Both authors contributed equally to the writing of the manuscript.
Safety and efficacy of a CXCR2 antagonist in patients with severe asthma and sputum neutrophils: a randomized, placebo-controlled clinical trial
Article first published online: 15 JUN 2012
© 2012 Blackwell Publishing Ltd
Clinical & Experimental Allergy
Volume 42, Issue 7, pages 1097–1103, July 2012
How to Cite
P. Nair, M. Gaga, E. Zervas, K. Alagha, F. E. Hargreave, P. M. O'Byrne, P. Stryszak, L. Gann, J. Sadeh, P. Chanez and on behalf of the study investigators, Clinical & Experimental Allergy, 2012 (42) 1097–1103.
- Issue published online: 15 JUN 2012
- Article first published online: 15 JUN 2012
- Accepted manuscript online: 12 APR 2012 09:35AM EST
- Manuscript Accepted: 20 MAR 2012
- Manuscript Revised: 10 MAR 2012
- Manuscript Received: 29 MAY 2011
- Schering Plough Research Institute
- severe asthma;
- sputum neutrophils
Increased numbers of neutrophils are reported in the airways of patients with severe asthma. It is not clear if they contribute to the lack of control and severity. There are currently no strategies to investigate this by decreasing neutrophil numbers in the airways.
To investigate the safety and efficacy of SCH527123, a selective CXCR2 receptor antagonist, in patients with severe asthma and increased number of neutrophils in sputum.
In a randomized, double-blind, parallel study, patients with severe asthma and sputum total cell count < 10 × 106/g and neutrophils > 40% were randomized to SCH527123, 30 mg daily PO (n = 22) or placebo (n = 12) for 4 weeks. Primary end-points were safety and change in sputum and blood neutrophil counts. Secondary end-points were change in asthma control questionnaire (ACQ) score, minor and major exacerbations, spirometry and sputum neutrophil activation markers.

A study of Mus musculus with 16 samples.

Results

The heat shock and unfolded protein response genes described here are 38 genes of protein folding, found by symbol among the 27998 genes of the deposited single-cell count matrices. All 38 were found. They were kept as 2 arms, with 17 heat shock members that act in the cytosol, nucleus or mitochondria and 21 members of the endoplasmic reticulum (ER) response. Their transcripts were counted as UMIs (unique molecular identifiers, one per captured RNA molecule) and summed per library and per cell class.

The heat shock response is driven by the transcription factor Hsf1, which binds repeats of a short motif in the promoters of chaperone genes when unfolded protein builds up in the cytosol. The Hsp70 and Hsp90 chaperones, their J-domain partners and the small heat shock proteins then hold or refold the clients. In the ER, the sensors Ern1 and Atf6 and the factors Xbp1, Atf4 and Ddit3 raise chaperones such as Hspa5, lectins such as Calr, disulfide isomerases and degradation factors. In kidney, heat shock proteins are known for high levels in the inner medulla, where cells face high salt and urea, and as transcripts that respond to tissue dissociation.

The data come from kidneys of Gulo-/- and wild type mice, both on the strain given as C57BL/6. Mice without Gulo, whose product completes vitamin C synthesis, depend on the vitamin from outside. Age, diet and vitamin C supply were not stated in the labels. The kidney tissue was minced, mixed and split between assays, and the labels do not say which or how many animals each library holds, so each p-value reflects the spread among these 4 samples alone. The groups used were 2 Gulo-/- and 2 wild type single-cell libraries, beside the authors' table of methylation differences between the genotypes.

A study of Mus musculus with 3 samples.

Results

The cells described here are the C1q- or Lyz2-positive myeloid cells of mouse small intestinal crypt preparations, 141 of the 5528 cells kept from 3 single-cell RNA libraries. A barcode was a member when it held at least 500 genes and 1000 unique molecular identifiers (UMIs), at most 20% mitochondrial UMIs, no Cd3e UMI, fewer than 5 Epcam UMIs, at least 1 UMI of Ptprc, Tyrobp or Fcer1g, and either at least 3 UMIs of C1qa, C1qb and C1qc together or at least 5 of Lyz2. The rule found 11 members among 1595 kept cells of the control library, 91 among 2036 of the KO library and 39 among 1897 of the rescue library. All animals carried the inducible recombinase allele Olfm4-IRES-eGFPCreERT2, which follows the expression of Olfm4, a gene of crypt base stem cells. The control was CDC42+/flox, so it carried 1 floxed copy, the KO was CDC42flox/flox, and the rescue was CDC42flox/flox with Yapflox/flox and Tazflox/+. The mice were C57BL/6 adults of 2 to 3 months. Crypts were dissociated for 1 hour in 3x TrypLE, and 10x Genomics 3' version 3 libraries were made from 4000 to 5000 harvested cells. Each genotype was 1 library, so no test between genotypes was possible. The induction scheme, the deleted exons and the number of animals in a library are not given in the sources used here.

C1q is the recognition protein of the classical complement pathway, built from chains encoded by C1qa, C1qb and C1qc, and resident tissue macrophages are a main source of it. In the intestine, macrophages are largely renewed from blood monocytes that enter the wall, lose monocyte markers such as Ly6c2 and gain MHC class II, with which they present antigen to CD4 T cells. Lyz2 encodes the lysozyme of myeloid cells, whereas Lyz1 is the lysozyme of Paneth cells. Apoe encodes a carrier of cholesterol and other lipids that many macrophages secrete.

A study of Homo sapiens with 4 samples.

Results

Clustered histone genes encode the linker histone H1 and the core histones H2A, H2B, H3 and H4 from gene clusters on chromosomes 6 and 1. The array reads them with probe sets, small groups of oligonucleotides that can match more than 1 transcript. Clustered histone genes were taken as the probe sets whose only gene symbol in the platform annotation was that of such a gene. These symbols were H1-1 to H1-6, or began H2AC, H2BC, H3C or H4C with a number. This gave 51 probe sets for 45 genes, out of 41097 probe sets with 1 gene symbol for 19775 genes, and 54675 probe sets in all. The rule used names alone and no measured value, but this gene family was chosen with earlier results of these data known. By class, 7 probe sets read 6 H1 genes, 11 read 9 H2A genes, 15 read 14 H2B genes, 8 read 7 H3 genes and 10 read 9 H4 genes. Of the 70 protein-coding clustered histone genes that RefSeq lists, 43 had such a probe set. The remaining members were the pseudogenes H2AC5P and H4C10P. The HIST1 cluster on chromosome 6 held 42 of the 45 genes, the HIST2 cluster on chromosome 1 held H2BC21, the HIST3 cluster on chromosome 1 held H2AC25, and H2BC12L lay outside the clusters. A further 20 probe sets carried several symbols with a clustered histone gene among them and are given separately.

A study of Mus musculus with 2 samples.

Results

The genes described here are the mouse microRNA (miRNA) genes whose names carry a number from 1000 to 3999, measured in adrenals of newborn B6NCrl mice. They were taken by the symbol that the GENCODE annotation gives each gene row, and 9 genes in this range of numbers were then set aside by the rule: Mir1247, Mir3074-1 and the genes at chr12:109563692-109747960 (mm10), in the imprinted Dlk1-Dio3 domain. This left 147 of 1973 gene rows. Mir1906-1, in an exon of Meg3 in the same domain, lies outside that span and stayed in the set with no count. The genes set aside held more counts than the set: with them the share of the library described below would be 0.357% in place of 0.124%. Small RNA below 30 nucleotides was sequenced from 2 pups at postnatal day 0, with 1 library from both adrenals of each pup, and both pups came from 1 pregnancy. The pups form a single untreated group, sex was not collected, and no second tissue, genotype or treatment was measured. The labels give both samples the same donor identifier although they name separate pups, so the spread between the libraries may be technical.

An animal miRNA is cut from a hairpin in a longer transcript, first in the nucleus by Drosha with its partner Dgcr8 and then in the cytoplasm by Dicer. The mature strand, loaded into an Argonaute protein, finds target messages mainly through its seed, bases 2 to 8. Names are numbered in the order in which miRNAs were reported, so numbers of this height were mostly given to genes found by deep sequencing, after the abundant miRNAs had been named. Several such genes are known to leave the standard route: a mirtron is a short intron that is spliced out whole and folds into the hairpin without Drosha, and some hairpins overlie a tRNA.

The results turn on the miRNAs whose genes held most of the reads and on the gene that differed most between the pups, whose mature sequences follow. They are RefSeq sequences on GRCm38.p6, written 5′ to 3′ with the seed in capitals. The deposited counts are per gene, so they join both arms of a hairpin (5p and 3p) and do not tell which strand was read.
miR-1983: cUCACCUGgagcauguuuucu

The SCH 527123 caused a mean reduction of 36.3% in sputum neutrophil percentage compared to a 6.7% increase in the placebo arm (P = 0.03). The mean absolute neutrophil count in blood was reduced by 14% at the end of 4 weeks, but recovered by the 5th week. There were no differences in the overall rates of adverse events among the groups. There were fewer mild exacerbations (1.3 vs. 2.25, P = 0.05) and a trend towards improvement in the ACQ score (mean difference between groups of 0.42 points, P = 0.053). No statistically significant changes were observed in forced expiratory volume in 1 s (FEV 1), sputum myeloperoxidase, IL8 or elastase.
The SCH527123 is safe and reduces sputum neutrophils in patients with severe asthma.
This new treatment provides an opportunity to investigate the role of neutrophils in severe asthma with potential clinical benefits. Larger studies of longer duration are needed to evaluate the impact on other outcomes of asthma including exacerbations.